You got your chocolate in my peanut butter. The phrase, I think, exemplifies a surprisingly satisfying mix of two dissimilar things. The Bureau: XCOM Declassified manages to mix strategy and shooter elements, but ultimately falls victim to balancing issues and technical errors galore. Seal the package with a story that often fails to be coherent, and you've got the new XCOM game from 2K and 2K Marin.

Let me start out by saying that fans of XCOM will probably appreciate the spin-off; the story deals with the creation of XCOM itself, which has always struck me as an interesting idea. Granted, the answers are still pretty ambiguous, since you play as a lowly special agent, but it's a neat time all the same.

The story throws players right into the role of Special Agent Will 'Call me William' Carter. He reminds me of a cross between Cole Phelps from LA Noire and Nelson Van Alden from Boardwalk Empire, only less homicidal. This tainted my playtime with images of Michael Shannon, fabulous actor though he is. Carter is your typical damaged antihero, blaming himself for the crippling loss of his family. It's kind of hard, for me at least, to sympathize with such an irrational impetus. The only thing that saved the character from being distant was the fact that I was in control for most of it.

The rest of the cast is actually fairly solid. Against the suspicious and paranoid director of the Bureau and your occasionally wacky fellow-agents, I can level few complaints. Interpersonal dialogue was pretty good, but when it came to the main story, things could get a little awkward. At the forefront is the first conversation the player has with an alien, wherein the Outsider is understandably hostile until, suddenly, he isn't. The transition doesn't really take place. There are plenty of spots throughout the game with such issues, making the story a little hard to swallow at times.

My most nagging complaint is one that's addressed with so much hand waving. During the initial attack on Earth, the Outsiders are able to jam communications throughout the entire continent of North America, if not the planet itself. How, then, do XCOM agents communicate via walkie-talkie? The player is told that "our station is operating at 90% efficiency because our equipment rocks," but I have a hard time believing that we had magical jam-proof radios in 1962. At least not in such a compact format.

Now we can get to the good part. The Bureau's gameplay is exemplary. The controls are smooth and extremely easy to pick up, and many of the levels compliment the style perfectly. More particular gamers will probably criticize the stiff animations, and even I need to complain about the unbearably repetitive dialogue, but for the most part, combat shines. Players take control of Carter, who is able to issue commands to his two squadmates. Each class will have special abilities to use against the alien threat, and these abilities can be used at the player's discretion. Surveying a battlefield and ordering agents into strategic positions is a thrill, and it's especially great to note that enemies will take additional damage if flanked or otherwise taken unawares. For the first time in recent memory, I can provide suppressing fire for my teammates. Why wasn't this a thing earlier?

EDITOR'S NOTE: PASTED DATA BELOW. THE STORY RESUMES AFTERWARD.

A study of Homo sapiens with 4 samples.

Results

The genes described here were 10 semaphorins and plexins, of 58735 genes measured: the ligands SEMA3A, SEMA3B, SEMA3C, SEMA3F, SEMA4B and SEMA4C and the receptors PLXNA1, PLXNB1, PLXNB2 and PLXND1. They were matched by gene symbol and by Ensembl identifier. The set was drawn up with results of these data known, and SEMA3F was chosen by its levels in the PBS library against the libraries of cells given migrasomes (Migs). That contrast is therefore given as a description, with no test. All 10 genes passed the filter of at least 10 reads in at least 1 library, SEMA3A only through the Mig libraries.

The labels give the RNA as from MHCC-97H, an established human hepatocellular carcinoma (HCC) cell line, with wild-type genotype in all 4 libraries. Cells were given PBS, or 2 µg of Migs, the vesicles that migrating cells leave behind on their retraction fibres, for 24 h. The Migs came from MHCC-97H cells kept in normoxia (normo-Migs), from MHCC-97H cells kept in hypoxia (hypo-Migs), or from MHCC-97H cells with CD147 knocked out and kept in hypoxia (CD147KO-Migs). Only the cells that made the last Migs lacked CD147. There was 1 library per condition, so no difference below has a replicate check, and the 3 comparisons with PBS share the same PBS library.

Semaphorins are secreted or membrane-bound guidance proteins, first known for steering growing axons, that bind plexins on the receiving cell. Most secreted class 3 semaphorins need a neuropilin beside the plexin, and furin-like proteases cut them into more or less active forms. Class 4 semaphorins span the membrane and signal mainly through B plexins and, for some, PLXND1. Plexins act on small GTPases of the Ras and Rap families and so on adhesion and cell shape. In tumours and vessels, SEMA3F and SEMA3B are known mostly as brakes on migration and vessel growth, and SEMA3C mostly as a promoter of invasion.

The only thing that really irks me about the combat is how hard it can be, and quite suddenly. I found myself stuck fending off waves of enemies and super enemies with no ammo and a terrible position, simply because they wouldn't stop coming. Balancing issues big and small plague an otherwise gripping shooter experience.

Graphically speaking, the game looked fine on my Xbox. Obviously, we won't be getting ground breaking console graphics until the next generation rolls out, but it's nice to know that a major studio can still produce par visuals. There were some animations that could have been smoother, but I fear I've been spoiled by mocap.

From a technical standpoint, this game needed more thorough treatment. There are, for lack of a better word, glitches, in which the character dialogue will refer to some animation, I assume, that never ends up playing. In a conversation between the director and Agent Carter, the director says that our space ship has a cool trick. Watch. Immediately afterward, Carter says, hey that was neat. I had to choose the dialogue option again to make sure I didn't miss it. Issues like these should be a priority for games like this, which dedicate so much time to storytelling. You just don't ship without all the cutscenes working, simple as that.

All said, I must admit I enjoyed my time with The Bureau. I found the strategy/shooter blend to be well worth all the trouble, and I would happily play a more polished sequel. The problem is, the game took so much time to come out in the first place. It was announced in 2006, meaning it's been in the works for over seven years now. My impression is that they didn't know where to go with it, and the runaway success of XCOM: Enemy Unknown prevented the project from being scrapped. It's an unfortunate state of affairs, but The Bureau aspired to do so much. Even if the team had met all of their announced goals for the game, it couldn't have followed the series' reboot. The game sat for years in stagnation, destined to fail and doomed to release.

Let's summarize--

The Bureau provides a satisfying combat experience which suffers from balance issues throughout. Graphics and soundtrack were fine, but animations could've been smoother in most cases. Will Carter looks like Agent Van Alden and Cole Phelps, which I guess is appropriate given their respective eras. Ultimately the game is plagued by technical issues and confused storytelling, but the game's original promise shines through when it comes to character interactions and level design.

For these reasons, I give The Bureau: XCOM Declassified a 6/10.